Even Great Communicators Need a Message

THE GREAT DUKE ELLINGTON offered sage advice to aspiring jazz musicians: “It don’t mean a thing if it ain’t got that swing.” After their poor showing in the November elections, Republicans aspiring for office should heed a variant of that advice: “You won’t win a thing if you ain’t got an agenda.”

In 1994, Republicans triumphed with the “Contract with America,” a specific agenda of policy initiatives they promised to pass through the House within the first 100 days of the 104th Congress. It was an agenda that resonated with the American people, and the result was the first Republican-controlled House of Representatives since 1954. In 1996, the congressional majority let its presidential candidate set the agenda, with unimpressive results. You’d think they’d have learned.

Yet in the wake of the last election, voices chorused with the plaint that the GOP had “failed to communicate its message.” This analysis puts the cart before the horse. It buys into the Democrats’ analysis of—excuse for—Ronald Reagan’s success: “He was popular because he was a great communicator.”

No. Communication is not a substitute for substance—merely a vehicle for delivering it. Ronald Reagan was popular for the substance of what he communicated so well. The proof? In 1988 Vice President Bush, not regarded as a “great communicator,” won with the Reagan message; in 1992, having abandoned that message, he lost.

The GOP failed in 1998 not because it didn’t communicate its message, but because it had practically no message to communicate. Commentator after commentator, Republican and “objective” alike, observed that Republicans were neglecting the very issues with which they had mobilized the party’s base in 1994: tax cuts, a balanced budget amendment, a crime bill, welfare reform, and term limits.

Instead, the 105th Congress took a “don’t rock the boat” approach to legislating, and when it came time for the election campaign, party leaders were—well, off playing shuffleboard.

Tax cuts? In the last two years, Congress caved in, settling for a modest initiative in the House —which was killed by the Senate. Education? Bill Clinton wanted to spend more federal tax dollars to hire 100,000 new teachers, needed or not—and the Congress signed the check. Racial preferences? Congressional leaders remained silent—even though voters in Washington State approved a ban on state-sponsored racial bias, as Californians had done two years earlier.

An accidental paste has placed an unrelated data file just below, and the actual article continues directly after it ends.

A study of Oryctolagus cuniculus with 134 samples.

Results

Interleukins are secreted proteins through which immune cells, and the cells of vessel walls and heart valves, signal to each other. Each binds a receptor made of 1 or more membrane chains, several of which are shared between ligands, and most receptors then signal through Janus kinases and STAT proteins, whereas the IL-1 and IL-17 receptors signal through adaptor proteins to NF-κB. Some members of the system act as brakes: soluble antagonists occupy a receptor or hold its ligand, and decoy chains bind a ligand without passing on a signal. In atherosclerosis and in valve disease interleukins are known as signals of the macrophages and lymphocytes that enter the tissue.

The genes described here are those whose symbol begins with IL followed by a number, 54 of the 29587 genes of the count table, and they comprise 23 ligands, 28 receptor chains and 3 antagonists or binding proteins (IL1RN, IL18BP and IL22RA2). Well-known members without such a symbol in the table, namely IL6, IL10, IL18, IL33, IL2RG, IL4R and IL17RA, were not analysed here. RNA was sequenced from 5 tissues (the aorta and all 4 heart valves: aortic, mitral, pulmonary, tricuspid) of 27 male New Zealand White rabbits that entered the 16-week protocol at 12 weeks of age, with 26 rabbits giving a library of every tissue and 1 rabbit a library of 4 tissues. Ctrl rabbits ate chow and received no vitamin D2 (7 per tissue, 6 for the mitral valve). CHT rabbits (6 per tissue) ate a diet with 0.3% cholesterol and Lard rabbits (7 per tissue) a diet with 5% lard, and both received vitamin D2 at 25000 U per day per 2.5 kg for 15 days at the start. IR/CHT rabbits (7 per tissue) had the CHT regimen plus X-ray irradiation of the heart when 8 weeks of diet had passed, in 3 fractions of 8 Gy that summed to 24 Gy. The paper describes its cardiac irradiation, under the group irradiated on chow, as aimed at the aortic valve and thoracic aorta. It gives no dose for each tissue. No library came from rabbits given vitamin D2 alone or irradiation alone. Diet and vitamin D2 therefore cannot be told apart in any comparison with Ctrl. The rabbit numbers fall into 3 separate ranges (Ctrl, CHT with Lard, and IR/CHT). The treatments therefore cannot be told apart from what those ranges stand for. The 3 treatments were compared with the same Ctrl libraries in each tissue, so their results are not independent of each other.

On one issue after another, congressional leaders dropped balls and squandered opportunities. And without conservative leadership on policy, the Republican Party—America’s natural conservative party—was a rudderless ship.

The real message in the election returns couldn’t have been clearer. If conservatives, or the party they favor, expect to make a difference, we must offer a clear, principled agenda. With that, 1994 can be a blueprint for the future. Without it, 1998 is more likely to be the model.

And if conservatives are to have any hope of success in the 106th Congress, and in 2000, we must begin to set that agenda and shape that message NOW. That’s why, before the new Members of Congress even got their bags unpacked, Heritage had presented them with our newest policy guidebook: Agenda ’99: A New Vision for America.

Chapter by chapter, Agenda ’99 sets out clear, concise policies on the federal budget, tax reform, Social Security reform, welfare, the family, crime, education, health care, and so on. Each chapter ends with a section headed, “What to do in 1999”—specific legislative recommendations, each supported by a list of relevant Heritage studies. We also conducted an orientation session for new members in early December, to introduce them to the research and resources Heritage can offer.

But this is barely the beginning. Together with our Resource Bank members and allies advocating conservative principles, we must work tirelessly in the months ahead to help fashion a political agenda based on conservative principles. We cannot rely on the politicians to do it, for in a democracy, political action most often follows popular will. Our role must, therefore, be to do as Ronald Reagan did in the 1980s: to inform the popular will—and shape the conservative agenda for 2000 and beyond.

Dr. Feulner is President of The Heritage Foundation.